On the field, the Yankees' goal this season was to make it further than their ALCS run in 2017. For the front office, though, they had set another expectation for themselves regarding the team's payroll.
Staying under the luxury tax threshold of $197 million was the mission for managin general partner Hal Steinbrenner, GM Brian Cashman, and the rest in the Yankees' front office. And it looks like they will be able to say they accomplished that feat.
Currently, New York's payroll sits at $192.1 million, which is an increase from the $178.8 million they had at the start of the season, according to ESPN. The increase was expected with the Yankees being active at the trade deadline, but it wasn't too much action that would have vaulted them over the threshold.
Even with potential bonuses in play like CC Sabathia's $500K for 155 innings or Neil Walker's $125K for 425 plate appearances, the Yankees still have enough room to stay under.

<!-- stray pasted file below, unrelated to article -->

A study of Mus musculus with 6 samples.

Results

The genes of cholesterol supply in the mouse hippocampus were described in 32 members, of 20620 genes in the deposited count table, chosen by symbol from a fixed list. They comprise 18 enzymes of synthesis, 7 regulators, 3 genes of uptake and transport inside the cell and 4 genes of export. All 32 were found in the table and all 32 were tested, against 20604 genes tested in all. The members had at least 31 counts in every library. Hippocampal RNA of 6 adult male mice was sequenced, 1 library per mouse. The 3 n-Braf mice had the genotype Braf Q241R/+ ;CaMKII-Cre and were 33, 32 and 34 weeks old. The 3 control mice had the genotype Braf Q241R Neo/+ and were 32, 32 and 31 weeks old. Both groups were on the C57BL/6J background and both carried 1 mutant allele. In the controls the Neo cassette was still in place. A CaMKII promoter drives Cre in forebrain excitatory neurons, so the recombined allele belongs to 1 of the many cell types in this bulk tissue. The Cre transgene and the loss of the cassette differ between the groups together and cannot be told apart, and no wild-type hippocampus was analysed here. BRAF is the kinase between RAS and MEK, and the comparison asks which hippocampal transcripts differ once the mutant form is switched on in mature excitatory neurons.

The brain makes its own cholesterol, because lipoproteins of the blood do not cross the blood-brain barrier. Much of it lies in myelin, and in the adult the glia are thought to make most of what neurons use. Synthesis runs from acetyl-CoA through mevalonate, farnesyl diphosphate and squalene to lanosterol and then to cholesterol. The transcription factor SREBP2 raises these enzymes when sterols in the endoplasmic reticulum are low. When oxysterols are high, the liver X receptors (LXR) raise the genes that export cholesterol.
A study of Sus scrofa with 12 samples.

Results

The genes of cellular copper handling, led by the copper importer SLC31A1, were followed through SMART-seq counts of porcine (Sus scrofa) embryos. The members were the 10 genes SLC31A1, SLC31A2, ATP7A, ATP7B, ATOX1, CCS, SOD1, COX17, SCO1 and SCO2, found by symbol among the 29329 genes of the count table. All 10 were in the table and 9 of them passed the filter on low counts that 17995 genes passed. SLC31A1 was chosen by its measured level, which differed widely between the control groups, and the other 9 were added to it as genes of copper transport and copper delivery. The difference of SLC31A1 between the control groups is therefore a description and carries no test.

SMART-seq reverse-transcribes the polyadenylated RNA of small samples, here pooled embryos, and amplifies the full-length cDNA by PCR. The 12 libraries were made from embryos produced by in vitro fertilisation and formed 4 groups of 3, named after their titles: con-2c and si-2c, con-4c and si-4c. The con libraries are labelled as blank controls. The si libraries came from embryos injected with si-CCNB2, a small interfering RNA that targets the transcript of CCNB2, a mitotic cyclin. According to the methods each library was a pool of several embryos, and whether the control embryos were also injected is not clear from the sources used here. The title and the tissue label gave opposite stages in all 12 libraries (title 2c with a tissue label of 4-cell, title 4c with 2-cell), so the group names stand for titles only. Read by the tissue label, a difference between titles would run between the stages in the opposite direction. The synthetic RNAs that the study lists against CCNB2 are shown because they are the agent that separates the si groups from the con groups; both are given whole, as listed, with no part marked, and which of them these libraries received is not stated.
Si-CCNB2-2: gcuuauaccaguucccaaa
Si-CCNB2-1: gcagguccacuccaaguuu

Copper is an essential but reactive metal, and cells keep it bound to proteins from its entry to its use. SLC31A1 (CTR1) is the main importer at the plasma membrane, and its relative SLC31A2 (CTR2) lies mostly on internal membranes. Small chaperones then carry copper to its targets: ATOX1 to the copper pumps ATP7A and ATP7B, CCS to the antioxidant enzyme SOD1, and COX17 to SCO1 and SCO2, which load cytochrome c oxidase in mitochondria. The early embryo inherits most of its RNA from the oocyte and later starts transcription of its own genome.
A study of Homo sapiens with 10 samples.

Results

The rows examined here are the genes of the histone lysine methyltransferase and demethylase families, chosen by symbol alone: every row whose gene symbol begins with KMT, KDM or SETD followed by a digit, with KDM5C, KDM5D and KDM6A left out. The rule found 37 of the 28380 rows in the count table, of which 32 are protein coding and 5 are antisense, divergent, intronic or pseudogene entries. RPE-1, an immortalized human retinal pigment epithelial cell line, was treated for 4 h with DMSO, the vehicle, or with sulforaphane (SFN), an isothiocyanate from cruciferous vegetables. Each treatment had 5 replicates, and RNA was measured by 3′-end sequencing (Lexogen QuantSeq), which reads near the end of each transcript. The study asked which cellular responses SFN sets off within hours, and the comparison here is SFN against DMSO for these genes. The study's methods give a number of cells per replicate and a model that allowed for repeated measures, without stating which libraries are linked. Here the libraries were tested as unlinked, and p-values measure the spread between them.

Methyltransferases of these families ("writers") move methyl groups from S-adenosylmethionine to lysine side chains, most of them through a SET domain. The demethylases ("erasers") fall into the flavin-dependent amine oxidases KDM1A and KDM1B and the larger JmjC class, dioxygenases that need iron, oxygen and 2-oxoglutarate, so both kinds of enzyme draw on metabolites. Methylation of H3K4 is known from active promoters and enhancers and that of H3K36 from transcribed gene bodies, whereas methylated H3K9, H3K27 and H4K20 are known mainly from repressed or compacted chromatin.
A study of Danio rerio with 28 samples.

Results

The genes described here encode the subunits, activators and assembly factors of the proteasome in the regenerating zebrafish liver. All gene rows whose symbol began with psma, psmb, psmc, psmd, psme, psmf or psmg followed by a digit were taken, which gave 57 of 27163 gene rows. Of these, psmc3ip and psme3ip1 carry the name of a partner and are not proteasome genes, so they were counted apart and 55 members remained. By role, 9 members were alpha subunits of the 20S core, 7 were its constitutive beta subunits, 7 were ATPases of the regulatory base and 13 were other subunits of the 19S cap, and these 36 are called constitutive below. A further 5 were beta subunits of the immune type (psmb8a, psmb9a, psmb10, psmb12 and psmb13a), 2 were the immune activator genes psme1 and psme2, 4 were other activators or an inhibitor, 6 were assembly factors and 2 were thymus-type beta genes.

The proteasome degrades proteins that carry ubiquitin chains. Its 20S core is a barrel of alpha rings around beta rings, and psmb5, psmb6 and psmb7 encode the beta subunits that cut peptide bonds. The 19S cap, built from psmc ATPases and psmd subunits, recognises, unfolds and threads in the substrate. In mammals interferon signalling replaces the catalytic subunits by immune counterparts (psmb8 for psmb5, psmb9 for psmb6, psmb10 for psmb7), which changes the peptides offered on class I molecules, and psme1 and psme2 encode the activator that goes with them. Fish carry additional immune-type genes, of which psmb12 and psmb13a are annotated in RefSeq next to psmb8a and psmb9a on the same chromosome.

Why was it such a mandate for the Yankees to beat the threshold? Well, for the past 15 years, they have paid a whopping $341 million for going over, and they wanted that to change.
The Red Sox and Nationals are the only two teams at the moment who will go over the luxury tax. Boston's payroll was at $233.9 million to start the season, and it has gone up even more to $238.4 since Aug. 31. They are now expected to pay $11.3 million in tax.
The Yankees will get rewarded for abiding by the luxury tax, as their base tax rates will go from 50 percent to 20 percent with the new $206 million threshold for 2019. That will give them more room to work this free agency period coming up after the season. Manny Machado and Bryce Harper will highlight that group.